My Saturday was going well.
I was deliberately avoiding religious thoughts and ideas. Trying to have a good time in London. The previous week I had finished a series of religious events and another missions conference (Mission 21) is coming up in a few days. I guess you could say that i am waiting for my other missionary friends to turn up and am just passing some time.
As I was passing this time in London, waiting for the others, trying to lose my religion for a day, I was passing along the various gods and idols of early Athens and was observing the objects of their worship. Very interesting.
The Apostle Paul’s experience in Acts 17 came to mind.
I went to the Great Court with a coffee. I bought a journal and started to write.
"I am sitting at the cafe inside the Great Court at the British Museum. Surrounded by space and oatmeal stone polished into silence and fitted together into an ecumenical object.
I am thinking of the Temple courts of Jerusalem. A spacious enclosure, a monument to man’s attempt to capture God.
The Temple had a prison for those that could not appreciate its effort or success in the captivation of God. Those who sought to set Him free were themselves imprisoned.
A small cell for the God-releasers.
A large cell for God.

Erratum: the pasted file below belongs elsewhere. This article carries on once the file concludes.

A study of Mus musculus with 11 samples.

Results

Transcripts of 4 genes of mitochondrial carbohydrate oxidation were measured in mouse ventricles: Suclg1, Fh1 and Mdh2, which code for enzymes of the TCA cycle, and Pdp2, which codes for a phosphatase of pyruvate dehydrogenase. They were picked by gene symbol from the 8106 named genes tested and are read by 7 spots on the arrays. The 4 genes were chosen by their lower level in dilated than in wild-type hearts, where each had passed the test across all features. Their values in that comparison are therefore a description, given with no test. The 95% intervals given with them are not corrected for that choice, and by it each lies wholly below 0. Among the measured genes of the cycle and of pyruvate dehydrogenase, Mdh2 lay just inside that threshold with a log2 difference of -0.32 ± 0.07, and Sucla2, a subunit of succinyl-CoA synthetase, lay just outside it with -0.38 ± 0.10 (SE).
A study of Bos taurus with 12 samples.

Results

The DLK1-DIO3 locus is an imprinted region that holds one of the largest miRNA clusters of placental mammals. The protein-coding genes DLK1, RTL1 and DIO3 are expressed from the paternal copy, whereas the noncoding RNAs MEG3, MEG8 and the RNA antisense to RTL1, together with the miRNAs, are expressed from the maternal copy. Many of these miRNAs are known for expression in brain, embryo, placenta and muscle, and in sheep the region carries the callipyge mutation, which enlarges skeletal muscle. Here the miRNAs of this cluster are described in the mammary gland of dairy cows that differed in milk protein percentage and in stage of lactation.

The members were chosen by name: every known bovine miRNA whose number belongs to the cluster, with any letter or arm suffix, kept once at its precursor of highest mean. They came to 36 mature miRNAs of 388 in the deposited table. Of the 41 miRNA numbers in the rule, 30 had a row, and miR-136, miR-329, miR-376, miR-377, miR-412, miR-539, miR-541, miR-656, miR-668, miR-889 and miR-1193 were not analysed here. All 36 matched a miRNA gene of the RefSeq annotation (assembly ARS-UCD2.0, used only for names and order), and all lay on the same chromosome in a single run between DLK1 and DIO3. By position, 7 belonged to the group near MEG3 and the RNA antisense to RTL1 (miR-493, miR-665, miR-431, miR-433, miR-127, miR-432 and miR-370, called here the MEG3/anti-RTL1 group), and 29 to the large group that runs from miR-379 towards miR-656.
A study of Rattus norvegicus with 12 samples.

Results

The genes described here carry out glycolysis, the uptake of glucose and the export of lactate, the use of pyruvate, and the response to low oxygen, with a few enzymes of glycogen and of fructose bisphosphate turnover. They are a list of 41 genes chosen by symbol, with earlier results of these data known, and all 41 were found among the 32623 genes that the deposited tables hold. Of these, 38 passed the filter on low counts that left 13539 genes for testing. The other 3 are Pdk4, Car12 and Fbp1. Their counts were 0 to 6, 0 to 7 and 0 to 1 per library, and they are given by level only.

But God did not stay in the court built for Him. He went to the cell to be among his people. Those who sought to set Him free were themselves set free.
And both walked out together."
The rest of the museum was fascinating. I spent a fair amount of time in the Eyptian area, looking at items from the Coptic church.
Crosses, of course. These are from the 6th to 7th Century.
A pottery ostrakon and ink show excerpts from a Coptic church service in "corrupt Greek". Looks more like an object from an emerging church service from this century.
The Coptic Church, it said, had a church service in two parts:
1. Open to all – sermon, prayers and creed
2. Only for those baptised and completed instruction. It involved the eucharist.
Textiles like this Tunic (7-8th Century) often had monks and saints depicted.
A Bible tour wandered past me. I decided to tag along from an unnoticable distance.
The tour guide pointed to an Egyptian bust of Germanicus Ceasar (AD 14-20) Apparently, the nose was "mutilated in late antiquity by Christians who cut a cross in the forehead." A good example of pre-reformation vandalism of Roman art.
I lost interest in the tour. After all, this was my NON-religious day and I was getting a Bible lecture in the British Museum. I snuck off to the Assyrian exhibition.
This is the protective spirit, the Ugallu or "Great Lion". An Assyrian object (700-692 BC) found in Nineveh. This is what Jonah found himself up against when God told him to go to Nineveh with a message. No wonder he was scared.
But now it was time to meet up with some friends for lunch at the Borough Market.